Unbeknownst to myself, the day I started working I entered into the first stage of retirement, which is a bold statement. In 1975 a professor of gerontology named Robert Atchley identified seven stages of retirement and throughout time academia has reduced the stages to 6.
The first state is known as Pre-retirement “the planning time”, and for as long as I can remember I was planning my retirement. Granted I had no idea what the journey I was about to experience entailed or what retirement really meant. I was taught at an early age to save money so when I got old I could have a good life. As adolescents along with the kids in our neighborhood I would do about anything to make money; from hosting carnivals and candy sales to mowing lawns. I started to understand the concept of retirement while I was in the Marine Corps and at 18 didn’t take advantage of the pension I could have received at the young age of 38.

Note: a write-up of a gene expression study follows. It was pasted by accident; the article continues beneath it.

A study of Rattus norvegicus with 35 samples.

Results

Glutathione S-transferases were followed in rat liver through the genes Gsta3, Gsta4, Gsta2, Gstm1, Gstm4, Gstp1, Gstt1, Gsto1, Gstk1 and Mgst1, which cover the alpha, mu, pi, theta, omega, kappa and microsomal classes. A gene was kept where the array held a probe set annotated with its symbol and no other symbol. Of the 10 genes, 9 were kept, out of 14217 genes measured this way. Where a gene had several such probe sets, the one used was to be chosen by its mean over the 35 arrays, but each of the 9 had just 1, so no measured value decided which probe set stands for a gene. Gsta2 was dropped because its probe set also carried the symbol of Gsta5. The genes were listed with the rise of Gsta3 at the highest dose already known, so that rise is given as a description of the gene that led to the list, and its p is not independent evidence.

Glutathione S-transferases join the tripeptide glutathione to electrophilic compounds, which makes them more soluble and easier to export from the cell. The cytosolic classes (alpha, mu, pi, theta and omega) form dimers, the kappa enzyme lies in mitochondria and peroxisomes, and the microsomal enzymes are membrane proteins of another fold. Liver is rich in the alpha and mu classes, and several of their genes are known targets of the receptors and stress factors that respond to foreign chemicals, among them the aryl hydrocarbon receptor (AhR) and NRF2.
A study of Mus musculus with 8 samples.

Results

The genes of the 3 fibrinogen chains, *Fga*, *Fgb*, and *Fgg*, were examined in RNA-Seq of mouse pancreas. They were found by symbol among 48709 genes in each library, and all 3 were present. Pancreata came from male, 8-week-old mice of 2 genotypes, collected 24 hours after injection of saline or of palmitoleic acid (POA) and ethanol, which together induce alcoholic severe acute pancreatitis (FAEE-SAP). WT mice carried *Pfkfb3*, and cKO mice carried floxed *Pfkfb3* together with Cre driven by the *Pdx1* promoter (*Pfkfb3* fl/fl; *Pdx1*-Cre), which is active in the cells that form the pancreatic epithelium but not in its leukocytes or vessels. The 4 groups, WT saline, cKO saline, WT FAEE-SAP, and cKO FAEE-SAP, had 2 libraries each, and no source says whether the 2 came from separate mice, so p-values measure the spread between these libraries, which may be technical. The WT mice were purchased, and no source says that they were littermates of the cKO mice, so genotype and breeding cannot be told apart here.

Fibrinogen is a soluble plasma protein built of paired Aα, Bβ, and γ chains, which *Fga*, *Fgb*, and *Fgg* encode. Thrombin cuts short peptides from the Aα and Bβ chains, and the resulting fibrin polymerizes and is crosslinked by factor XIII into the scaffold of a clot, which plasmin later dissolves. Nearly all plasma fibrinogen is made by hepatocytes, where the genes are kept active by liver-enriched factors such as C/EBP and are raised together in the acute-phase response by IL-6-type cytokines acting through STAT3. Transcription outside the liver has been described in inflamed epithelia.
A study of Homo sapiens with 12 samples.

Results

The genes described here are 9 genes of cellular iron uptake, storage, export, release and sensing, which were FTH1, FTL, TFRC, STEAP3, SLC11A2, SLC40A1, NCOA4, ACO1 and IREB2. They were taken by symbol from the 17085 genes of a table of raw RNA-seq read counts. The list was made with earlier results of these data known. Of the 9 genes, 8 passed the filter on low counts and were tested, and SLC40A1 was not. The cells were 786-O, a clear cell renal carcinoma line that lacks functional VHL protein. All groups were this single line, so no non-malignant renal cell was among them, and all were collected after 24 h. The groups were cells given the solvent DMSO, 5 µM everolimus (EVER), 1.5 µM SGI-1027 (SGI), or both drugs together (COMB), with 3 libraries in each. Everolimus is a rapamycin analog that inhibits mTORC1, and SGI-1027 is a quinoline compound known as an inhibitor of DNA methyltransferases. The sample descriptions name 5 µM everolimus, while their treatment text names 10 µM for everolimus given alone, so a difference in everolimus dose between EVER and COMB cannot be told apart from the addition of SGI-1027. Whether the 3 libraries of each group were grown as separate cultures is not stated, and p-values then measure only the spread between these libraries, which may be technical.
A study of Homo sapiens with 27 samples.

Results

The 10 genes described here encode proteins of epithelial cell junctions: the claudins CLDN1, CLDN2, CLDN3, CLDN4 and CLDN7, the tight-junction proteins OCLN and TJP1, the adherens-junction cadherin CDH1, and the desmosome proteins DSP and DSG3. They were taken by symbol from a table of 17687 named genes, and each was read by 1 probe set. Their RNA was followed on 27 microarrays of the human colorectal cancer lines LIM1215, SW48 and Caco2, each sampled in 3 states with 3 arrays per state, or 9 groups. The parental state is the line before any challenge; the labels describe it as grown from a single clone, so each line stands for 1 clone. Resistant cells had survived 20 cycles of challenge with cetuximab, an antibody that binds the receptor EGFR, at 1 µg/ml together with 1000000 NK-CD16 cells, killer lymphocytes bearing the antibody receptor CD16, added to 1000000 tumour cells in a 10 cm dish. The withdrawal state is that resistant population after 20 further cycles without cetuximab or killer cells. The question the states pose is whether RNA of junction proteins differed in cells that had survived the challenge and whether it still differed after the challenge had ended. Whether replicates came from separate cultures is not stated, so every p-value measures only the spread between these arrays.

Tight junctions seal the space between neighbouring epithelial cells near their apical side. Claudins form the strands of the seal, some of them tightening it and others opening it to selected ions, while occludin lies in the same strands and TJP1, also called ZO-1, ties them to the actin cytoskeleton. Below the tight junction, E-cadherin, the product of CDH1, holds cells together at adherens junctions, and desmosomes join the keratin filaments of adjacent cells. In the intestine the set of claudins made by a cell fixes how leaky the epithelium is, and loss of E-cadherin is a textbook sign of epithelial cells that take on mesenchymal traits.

After I left the Marine Corps and started working in the “real world” I happened to fall into employment that was represented by the Teamsters. You may have heard a lot of horror stories about unions but one thing that cannot be denied is, as a Teamster you understand retirement and pensions. I believe most people know that retirement is coming and try and do everything they can to save for it and dream of what they will do when it arrives.
The second stage “retirement” is what we have been waiting for. What a great feeling it was not to punch a time clock for the first time in 30 years. This is the stage of my endless vacation, where I get to play basketball every day, go biking, kayaking, hiking, working on the house and visiting all the family and friends I never had time to see. It is called the “honeymoon” stage I guess because it isn’t supposed to last. With my optimism I don’t seeing it ending anytime soon. Some of you are fortunate enough to retiree alongside your partner. If you happen to be in my situation and have to wait for your better half, wouldn’t it be safe to say the “honeymoon” hasn’t started yet?
During this stage you might have the feeling retirement isn’t a permanent vacation after all. You may also experience boredom, disillusionment and feel useless. Personally, I haven’t experienced this stage yet and understand that if and when I do that it is completely normal reminding myself that I am only half way through my journey.
The last three stages are reorientation, routine and termination. I will address those stages in a future post.